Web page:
22 July 2012 at Salem Lutheran Church, Gretna, LA
Text: Mark 8:1-9 (Gen 2:7-17, Rom 6:19-23)
In the name of + Jesus. Amen.
There are a few verses of Scripture that basically sum up the Christian faith in just a few works. St. Paul does this in Romans 6:23: “For the wages of sin is death, but the free gift of God is eternal life in Christ Jesus our Lord.”
Sin is not just a little trifle. It is not a joking matter. Sin is tragic and horrifying. Sin is the cause of shooting rampages in movie theaters. Sin is the cause of war, aggression, torture, and genocide. Sin is the cause of broken marriages, broken families, broken homes, and broken children. Sin is the cause of inexplicable acts of violence. Sin nothing to laugh at, gloss over, or make excuses for. Sin is why we have hospitals and jails and funeral homes. Sin is the cause of death.
And yet, the matter does not end there. Death does not get the final say. For God intervenes. God fills the breach. God breaks into history and invades into our lives. God restores. God repairs. God forgives. For “the free gift of God is eternal life in Christ Jesus our Lord.”
Life. Life conquers death. Life is a gift, a free gift, a pure act of grace, of mercy, of love, of healing, of forgiveness. It cannot be bought or sold, horded or traded, packaged in a mutual fund, or loaned out at interest. And this free gift of life is eternal. It has no end. It is unlimited and boundless. It transcends reason and overtakes even the vast expanse of space and time. For it is bound with the infinite nature of God Himself.
That which was broken has been fixed. That which was at war has been set at peace. That which was dead has been restored to life. That which was corrupted has been made new.
This, dear friends, is what Christianity is all about. And how sad that so many people mistakenly think Christianity is really about arbitrary rules, an angry wrathful God, judgmental people, hollow ritual, and much ado about nothing. How sad that the road to destruction is broad – trodden on by those who see no value in forgiveness, in atonement, in the cross. And yet, how glorious and blessed this Christian life is for us who are being saved, being placed on the narrow way by the Way, through the free gift won for us by Christ Jesus our Lord!
For we are not left in our aches and pains, in our suffering and sorrow, in our sickbeds and graves! For our Lord Jesus – who took flesh to save us, who died to redeem us, who rose to resurrect us – has compassion on us, on His broken world, on His forlorn creation. He has come to repair and heal, to roll back the effects of sin and death, and to remake the universe anew, atom by atom, molecule by molecule, person by person, congregation by congregation.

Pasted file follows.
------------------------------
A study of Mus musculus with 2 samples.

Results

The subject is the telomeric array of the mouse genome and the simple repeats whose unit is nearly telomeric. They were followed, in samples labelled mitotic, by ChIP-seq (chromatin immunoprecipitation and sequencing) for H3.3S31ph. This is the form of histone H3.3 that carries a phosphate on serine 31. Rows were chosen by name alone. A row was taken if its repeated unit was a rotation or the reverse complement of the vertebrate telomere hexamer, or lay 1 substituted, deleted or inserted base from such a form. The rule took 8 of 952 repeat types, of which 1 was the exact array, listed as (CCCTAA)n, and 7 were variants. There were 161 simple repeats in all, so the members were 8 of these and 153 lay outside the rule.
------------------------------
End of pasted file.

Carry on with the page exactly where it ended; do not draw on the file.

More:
He does this by meeting us where we are – we who are starving to death in our sins – and He feeds us. He does not merely put food in our bellies, but gives Himself as a living bread from Heaven, a communion with the God in the flesh, a nourishment that can even roll away the stone sealing our graves because it is the Bread of Life, miraculously multiplied and bound to His Word and promise for the very purpose of bringing us from death to life.
All of this is because of the Lord’s “compassion.”
He could have simply been angry at us, at His wayward creatures. He could have simply destroyed us and started anew – with another catastrophe like the great flood. He could have condemned us all to hell and started all over.
But our Lord doesn’t do any of these things, because he has “compassion.”
Our pain is His pain. Our grief is His grief. Our cross – the cross we have earned and should be bearing – is His cross. And our death – the death that is the wages of our sin – is His death, His passion, His body given for us, His blood shed for us, His righteousness accredited to us – is our salvation, our forgiveness, our very life!
Our Lord takes us in the deserts of our lives, in our need and hunger, in our desperation to be fed – and He directs us to sit, to gather, to come into His presence with outstretched and expectant hands. And through His appointed ministers, He gives thanks, He breaks the bread, and He sets it before the people. But this is not bread only – it is bread consecrated by His Word: “This is My body.” And His body is given to us with His very blood, the blood of the New Testament, placed into a cup for “all of us” to drink. These gifts are indeed the “free gift of God” that is “eternal life in Christ Jesus our Lord.”
“And they ate and were satisfied.”
Dear brothers and sisters, eat and be satisfied! For though we are not in the garden eating of the pure, genetically perfect fruits of the flawless creation, the Lord has compassion on us. He takes the bread that we must make with our own hands with our own work, and He blesses it with His own hands, and makes it His own redemptive work.
He feeds us and saves us because He loves us and has compassion on us.
For our past is our destiny. We will, in eternity, once again enjoy the sinless, painless, sorrowless, and deathless creation: the tree of life, the rivers of living water, the gold and bdellium and onyx, and the ever-present communion with the Triune God in all His majesty and glory, uninhibited by our sin and untainted by our death – for owing to this gift of God in Christ Jesus, our sin and death are no more!
This is yours, dear friends, all yours by virtue of the Lord’s incarnation, His promises, His preaching, His teaching, His miracles, His passion, His cross, His death, His resurrection, and His ascension to the Father. This free gift is yours by virtue of His Word, His sacraments, His Church, and His grace. It is yours by virtue of His compassion.
“For the wages of sin is death, but the free gift of God is eternal life in Christ Jesus our Lord.”